Rental law goes forward
A proposed city rental ordinance, meant to combat drug and firearms crimes and improve neighborhood quality by monitoring who’s living in rental properties, took a first step Tuesday.
Feeling the heat of a city under a siege of crime, including a reported rise in thefts, shootings and violence, statistical information shared at the city public safety committee meeting, the committee moved the proposed rental ordinance on to the full council, but without a specific recommendation. Council is expected to take up the issue Oct. 10.
As proposed, the ordinance includes registration requirements, penalties and a proposed appeals board.
The registration would be for rental property owners and landlords, who would provide the codes department with their name, address, telephone number, emergency number and contact information for a designated manager.
They also would provide the address of the property, number of rental units, names and addresses of tenants and number of occupants per apartment.
According to the proposed legislation, tenants don not physically have to appear at the codes office, but the landlords have to provide accurate information about who they are renting to.
Penalties also are built in for non-compliance affecting landlords and their tenants.
For example, landlords can face temporary closure of their rental properties if a tenant commits three drug or firearms violations or has that number of disruptive behavior incidents or police reports at the apartment or rental property.
The codes enforcement officer, or any authorized city agent, can begin the process to close a rental if there are three or more violations within a six-month period.
Tenants would face fines of not more than $100 for a first offense, up to $300 for a second and up to $500 for a third.
It exempts hotels and motels, college dormitories and residential units occupied by the owner.
“We think we can make it work,” said Joseph Gerardi, city codes administrator.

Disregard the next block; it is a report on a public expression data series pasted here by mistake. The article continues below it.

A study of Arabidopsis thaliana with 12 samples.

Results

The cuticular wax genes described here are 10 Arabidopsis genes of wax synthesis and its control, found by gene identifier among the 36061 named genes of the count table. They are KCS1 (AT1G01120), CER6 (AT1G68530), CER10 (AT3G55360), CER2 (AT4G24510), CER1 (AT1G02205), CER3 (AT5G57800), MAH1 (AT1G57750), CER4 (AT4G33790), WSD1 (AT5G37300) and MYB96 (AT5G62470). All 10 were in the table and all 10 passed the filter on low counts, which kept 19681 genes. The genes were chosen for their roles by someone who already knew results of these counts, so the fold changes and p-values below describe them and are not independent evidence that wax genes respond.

Gerardi sees benefits in joining the nuisance ordinance and rental inspection ordinance into one document, he said.
“I think the public needs to know we didn’t arrive at where we are without much public input from landlords, citizens and tenants,” Councilman Don Noviello said.
He said it provides “supportive documentation” should cases go before a district judge. “It won’t be a ‘he said,’ ‘she said,’ ” he said.
Landlord registration would be done in phases and broken into four districts. The first districts, including tax wards 5, 9, 11 and 14, would be required to register by the end of the first full month after adoptions..
The second district, including wards 4, 8, 10 and 16, awould be required to register during the second month after adoption; the third district, including wards 3, 6, 13 and 15, during the third month; and the fourth district, including 1, 2, 7 and 12, during the fourth month after adoption.
“That will help us by not having the entire city register all at once,” Gerardi said.
As proposed, the ordinance also requires the property owner/landlord to obtain a license for each residential rental and have a successful codes inspection of each property.
“My personal opinion, not just for this ordinance, is we need more bodies,” said Councilman Randall J. Allison, a member of the committee. Such “boots on the ground” become necessary as the city police begin operating a records-management system in March, he said.
“My motive is to do my job and protect those individuals who are unable to protect themselves and that’s the average citizen in this fine city,” said police Capt. Timothy Miller.
“It’ll improve the quality of life in the city,” Mayor Gabriel J. Campana said.
Campana said a “one-strike” rental law approved in Wilkes-Barre has begun to drive out unwanted tenants and hold landlords accountable for who they rent to.
But Campana said if the city doesn’t approve the proposed ordinance those kind of people will gravitate here.
Campana also said he will propose the city hire an additional codes enforcement officer in the 2014 proposed budget.